REGIONAL Roads Victoria has bowed to community pressure and agreed to make changes to the controversial road safety barrier project between Stratford and Bairnsdale.
The changes mean there will be no side barriers installed on about 25 kilometres of road eastbound – where they were planned to go – allowing cars and trucks to get off the road when they pull over.
In addition, more truck and car pull-over areas will be installed where there are side road barriers, visibility will be improved at driveways and intersections by removing barriers already installed adjacent to these areas, and the old ripple strips that cause vibrations will be fixed.
However, scrapping the unpopular centre road barriers is not being considered.
RRV chief regional toads officer Paul Northey confirmed that the authority had been able to “refine” plans for the Princes Highway between
Stratford and Bairnsdale after considering the community’s feedback and undertaking a thorough risk assessment.
“Our updated plans strike a balance between safety and community feedback on this section of the Princes Highway, which is one of the highestrisk roads in the state,” he said.
“The reality is that around two-thirds of Victorians killed this year were on regional roads.
“Most of them were within 30km of their home, on a road they’ve probably travelled plenty of times.
“We’re rolling out lifesaving infrastructure like flexible barriers on our high-risk roads to prevent such tragic loss of life – and we are incorporating the community’s feedback wherever we can.”
Gippsland East MLA Tim Bull had pushed for a review of the contentious roadworks after receiving “hundreds” of complaints from road users since works began earlier this year.
Two weeks ago he met with Roads Minister Jaala Pulford, and on Friday drove the Princes Highway with the chief regional roads officer, the regional director and the local project manager to point out some of those concerns.
“I am very pleased to say a few changes have been agreed to, based on the community’s feedback and strong advocacy,” said Mr Bull.
“Due to the enormous amount of feedback to both my office and RRV, we have been able to get some significant changes, so I sincerely thank all who made the effort.
“While locals will realise these changes are common sense, it was good to be able to drive the road, stop at locations where required and explain the concerns.
“The fact we will now not have these side barriers on more than half the eastbound trip where they were planned to go is significant, and the road and driveway intersections will be made safer in relation to the visibility of traffic, with barriers being taken out to make the gaps bigger.
“Importantly, we will also have more pull over areas for trucks, buses and cars that previously could simply not get off the road.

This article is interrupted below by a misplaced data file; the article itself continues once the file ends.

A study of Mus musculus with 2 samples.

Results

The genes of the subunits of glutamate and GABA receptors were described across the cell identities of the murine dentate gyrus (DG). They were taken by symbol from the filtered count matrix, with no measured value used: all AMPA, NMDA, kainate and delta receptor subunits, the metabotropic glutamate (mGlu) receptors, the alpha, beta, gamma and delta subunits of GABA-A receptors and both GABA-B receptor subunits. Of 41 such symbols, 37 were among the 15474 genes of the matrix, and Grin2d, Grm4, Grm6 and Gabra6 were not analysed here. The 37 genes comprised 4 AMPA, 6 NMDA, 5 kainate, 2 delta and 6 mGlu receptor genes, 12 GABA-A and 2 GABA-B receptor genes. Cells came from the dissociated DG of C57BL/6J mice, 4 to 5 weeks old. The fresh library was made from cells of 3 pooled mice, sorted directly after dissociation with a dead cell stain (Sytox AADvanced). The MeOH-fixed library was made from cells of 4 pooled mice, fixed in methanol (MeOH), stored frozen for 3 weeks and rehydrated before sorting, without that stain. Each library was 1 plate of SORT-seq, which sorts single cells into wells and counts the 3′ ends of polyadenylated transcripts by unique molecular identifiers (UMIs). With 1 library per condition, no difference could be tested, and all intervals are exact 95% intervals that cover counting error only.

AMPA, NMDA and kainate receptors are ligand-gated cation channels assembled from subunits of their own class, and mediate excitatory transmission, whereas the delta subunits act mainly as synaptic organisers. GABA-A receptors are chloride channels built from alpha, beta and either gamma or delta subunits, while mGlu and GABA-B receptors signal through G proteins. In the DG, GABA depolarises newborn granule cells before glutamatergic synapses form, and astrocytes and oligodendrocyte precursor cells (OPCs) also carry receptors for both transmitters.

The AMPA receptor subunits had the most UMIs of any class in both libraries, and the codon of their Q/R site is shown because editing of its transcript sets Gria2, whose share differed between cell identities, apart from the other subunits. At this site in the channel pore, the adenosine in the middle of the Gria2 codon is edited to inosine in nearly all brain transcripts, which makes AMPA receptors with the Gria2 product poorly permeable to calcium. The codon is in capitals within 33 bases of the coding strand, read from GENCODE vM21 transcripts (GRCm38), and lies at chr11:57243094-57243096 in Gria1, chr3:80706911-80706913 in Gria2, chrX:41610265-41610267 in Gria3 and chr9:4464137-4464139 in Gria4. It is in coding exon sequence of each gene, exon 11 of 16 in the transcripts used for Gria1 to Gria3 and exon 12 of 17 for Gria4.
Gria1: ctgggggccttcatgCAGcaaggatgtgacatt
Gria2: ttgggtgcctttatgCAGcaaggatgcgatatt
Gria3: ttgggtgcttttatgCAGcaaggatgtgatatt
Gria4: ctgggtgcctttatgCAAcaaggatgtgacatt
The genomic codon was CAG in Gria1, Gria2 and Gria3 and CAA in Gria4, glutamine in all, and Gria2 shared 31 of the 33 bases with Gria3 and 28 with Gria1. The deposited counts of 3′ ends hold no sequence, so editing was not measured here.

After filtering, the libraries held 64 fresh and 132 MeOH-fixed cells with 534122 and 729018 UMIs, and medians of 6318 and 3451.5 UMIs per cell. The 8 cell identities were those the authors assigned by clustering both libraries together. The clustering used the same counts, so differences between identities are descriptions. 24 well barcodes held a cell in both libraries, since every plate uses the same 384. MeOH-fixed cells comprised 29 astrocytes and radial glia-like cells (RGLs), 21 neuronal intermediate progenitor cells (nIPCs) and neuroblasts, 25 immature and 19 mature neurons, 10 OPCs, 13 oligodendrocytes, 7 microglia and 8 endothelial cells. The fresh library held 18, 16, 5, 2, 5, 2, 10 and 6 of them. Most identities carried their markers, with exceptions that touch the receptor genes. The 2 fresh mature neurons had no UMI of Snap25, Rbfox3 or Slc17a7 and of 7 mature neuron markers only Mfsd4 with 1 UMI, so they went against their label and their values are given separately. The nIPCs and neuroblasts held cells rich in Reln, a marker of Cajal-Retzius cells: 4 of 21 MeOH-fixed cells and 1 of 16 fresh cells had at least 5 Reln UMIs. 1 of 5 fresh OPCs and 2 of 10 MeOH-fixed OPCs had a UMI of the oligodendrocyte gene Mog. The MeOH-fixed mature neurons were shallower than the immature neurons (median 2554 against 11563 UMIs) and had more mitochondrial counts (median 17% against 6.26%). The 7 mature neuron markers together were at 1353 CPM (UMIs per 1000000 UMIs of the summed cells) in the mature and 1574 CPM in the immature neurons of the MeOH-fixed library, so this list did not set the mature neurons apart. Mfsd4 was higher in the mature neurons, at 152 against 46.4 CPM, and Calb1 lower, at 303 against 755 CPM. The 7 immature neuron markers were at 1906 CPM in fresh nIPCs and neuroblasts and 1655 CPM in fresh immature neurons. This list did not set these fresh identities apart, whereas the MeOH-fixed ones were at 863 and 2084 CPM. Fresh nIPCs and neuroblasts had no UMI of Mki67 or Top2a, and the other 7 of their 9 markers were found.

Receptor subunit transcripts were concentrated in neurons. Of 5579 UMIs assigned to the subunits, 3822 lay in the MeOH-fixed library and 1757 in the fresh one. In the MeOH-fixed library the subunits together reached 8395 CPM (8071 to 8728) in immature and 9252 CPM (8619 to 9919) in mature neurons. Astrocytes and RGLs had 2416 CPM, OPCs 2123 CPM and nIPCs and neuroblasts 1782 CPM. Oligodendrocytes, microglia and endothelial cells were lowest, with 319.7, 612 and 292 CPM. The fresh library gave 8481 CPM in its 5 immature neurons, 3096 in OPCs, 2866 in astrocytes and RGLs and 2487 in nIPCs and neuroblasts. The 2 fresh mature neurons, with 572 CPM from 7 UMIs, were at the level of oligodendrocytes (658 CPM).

“I now look forward to these changes being implemented to the original designs that were presented to the public.”
Mr Bull said he also raised concerns about the quality of the road shoulder surface, which would now be forced take heavy traffic loads.
“I was advised that ‘geotechnical investigations before construction found the road shoulder pavement was suitable for traffic’,” he said.
“This is different from the advice I have received from ex-road workers and roads experts, so I guess time will tell on that one, but they have been told.”
The works currently underway between Stratford and Bairnsdale include installation of flexible safety barriers along the left-hand side of the highway, centre line flexible safety barriers from Sandhill Rd (north of Stratford) to Lindenow-Meerlieu Rd, and road widened using the existing road shoulders to create a distance of 7.2 metres between the centreline and left-hand side barriers once installed.
The project is part of the $1.4 billion Towards Zero Action Plan, funded through the Transport Accident Commission and delivered by Regional Roads Victoria.
In the five-year period leading up to 2015, there were 54 serious crashes along the stretch of road, with five fatalities and 17 people seriously injured.
Mr Northey said RRV would still install flexible safety barriers on the Stratford-Bairnsdale section of the Princes Highway as part of safety upgrades because ” they are proven to reduce fatal crashes by up to 85 per cent”.
“However, taking into consideration the community’s feedback and the results of a thorough risk assessment – including the past crash history of the road – we are installing the left-hand-side barrier in high-risk areas only,” he said.
“This will involve installing barriers where there are roadside hazards, such as clusters of trees, to prevent run-off-road crashes.
“Continuous centreline barriers are still being installed from Stratford to Providence Ponds as planned, to prevent head-on crashes.
“We’re also looking at installing more pull-over areas, and we’ll be increasing the gap at driveways to provide easier access to properties and improve visibility.
“These changes strike a balance between the community’s feedback and improving safety.”